Ok, I got sick of the spam, changed the mailer back

About a month ago, I altered our SMTP daemon to not be so picky about mail. Previous to this, I had turned on and tweaked many anti-spam things. One of my favorites so far has been spf.
Turns out, that lots of mailers are incorrectly configured. That is being generous. Lots of mailers are on the internet, and not complying with RFCs, which makes it real hard to distinguish spam sources from real mailers.
We implement spam filtering as a deep tagging pipeline. Long story, it just makes being able to handle inbound mail bombing much easier. We have had our share of these. Recently, someone tried knocking us over with a little mail bomb.

mail graph showing 100k rejected mails in a short window

Well, I am finally sick of continuously tuning the pipeline, and updating the various filters. We have email targets to analyze mails for spam content, and normal content (if it was mis identified as spam). But these filters aren’t as effectual when the content are images. But all of the other checks, you know, the ones that cause broken mailers to exhibit their broken-ness, do work.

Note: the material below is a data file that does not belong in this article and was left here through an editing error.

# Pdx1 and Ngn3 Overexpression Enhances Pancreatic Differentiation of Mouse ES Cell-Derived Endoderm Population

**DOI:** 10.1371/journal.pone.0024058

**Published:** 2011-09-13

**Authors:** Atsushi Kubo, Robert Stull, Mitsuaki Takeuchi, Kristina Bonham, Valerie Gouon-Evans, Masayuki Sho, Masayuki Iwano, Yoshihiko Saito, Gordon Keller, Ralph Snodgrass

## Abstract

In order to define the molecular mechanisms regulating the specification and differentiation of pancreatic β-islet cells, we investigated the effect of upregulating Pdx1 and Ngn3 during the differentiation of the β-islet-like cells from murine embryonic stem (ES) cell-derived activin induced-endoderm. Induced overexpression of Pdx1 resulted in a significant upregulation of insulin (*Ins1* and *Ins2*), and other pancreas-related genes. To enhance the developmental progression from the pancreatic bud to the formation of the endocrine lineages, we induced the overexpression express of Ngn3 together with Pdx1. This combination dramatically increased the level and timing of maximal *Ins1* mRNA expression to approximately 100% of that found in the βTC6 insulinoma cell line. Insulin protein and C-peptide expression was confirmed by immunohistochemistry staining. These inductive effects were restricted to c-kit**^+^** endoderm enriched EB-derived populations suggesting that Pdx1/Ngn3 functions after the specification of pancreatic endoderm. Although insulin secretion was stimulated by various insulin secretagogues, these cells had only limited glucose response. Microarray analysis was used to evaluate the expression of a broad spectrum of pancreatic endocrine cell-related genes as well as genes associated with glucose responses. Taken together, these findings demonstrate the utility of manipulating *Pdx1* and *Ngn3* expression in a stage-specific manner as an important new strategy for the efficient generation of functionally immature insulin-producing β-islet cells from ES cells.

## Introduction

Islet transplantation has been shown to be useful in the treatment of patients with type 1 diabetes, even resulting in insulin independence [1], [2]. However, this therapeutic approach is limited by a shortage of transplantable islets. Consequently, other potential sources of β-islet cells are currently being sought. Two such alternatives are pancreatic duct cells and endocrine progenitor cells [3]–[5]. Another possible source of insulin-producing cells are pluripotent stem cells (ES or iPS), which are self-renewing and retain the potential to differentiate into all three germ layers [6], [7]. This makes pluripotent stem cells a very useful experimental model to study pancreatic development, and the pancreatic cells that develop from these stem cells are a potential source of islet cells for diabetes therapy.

So I put all the filters back into place. I’ll whitelist the customers who have broken mailers (a number of them, all running MS Exchange … go figure).
But enough is enough.
[update] I should point out that our mail pipeline runs on a JackRabbit. As do our websites. This means, until we get a 10GbE line in, I am not worried about the amount of mail that can be pushed through our box. Our network connection to the outside world is the slow link here, but you’d have to work pretty hard to fill it up. The are off by more than an order of magnitude.

3 thoughts on “Ok, I got sick of the spam, changed the mailer back”

  1. @Chris:
    I used to use it, but I found it doesn’t play well with Microsoft Exchange. Exchange is, from my perspective, shipped in a broken state relative to the RFCs, in that the 450 messages aren’t correctly respected. Among other things.
    So when I use greylisting I find that it reduces spam, and legitimate mail. All those folks saddled with Exchange can’t really handle greylisted sites without something else like postfix in front of it.
    We got lots of ticked off customers who couldn’t contact us via email. So I pulled off greylisting on all machines. I now use spf and a few other things. I am noticing many more email spam messages using domain keys. I also noted many in the past using some of the other technologies.
    Greylisting does work, but it requires RFC-adherent MTAs for it to work for everyone.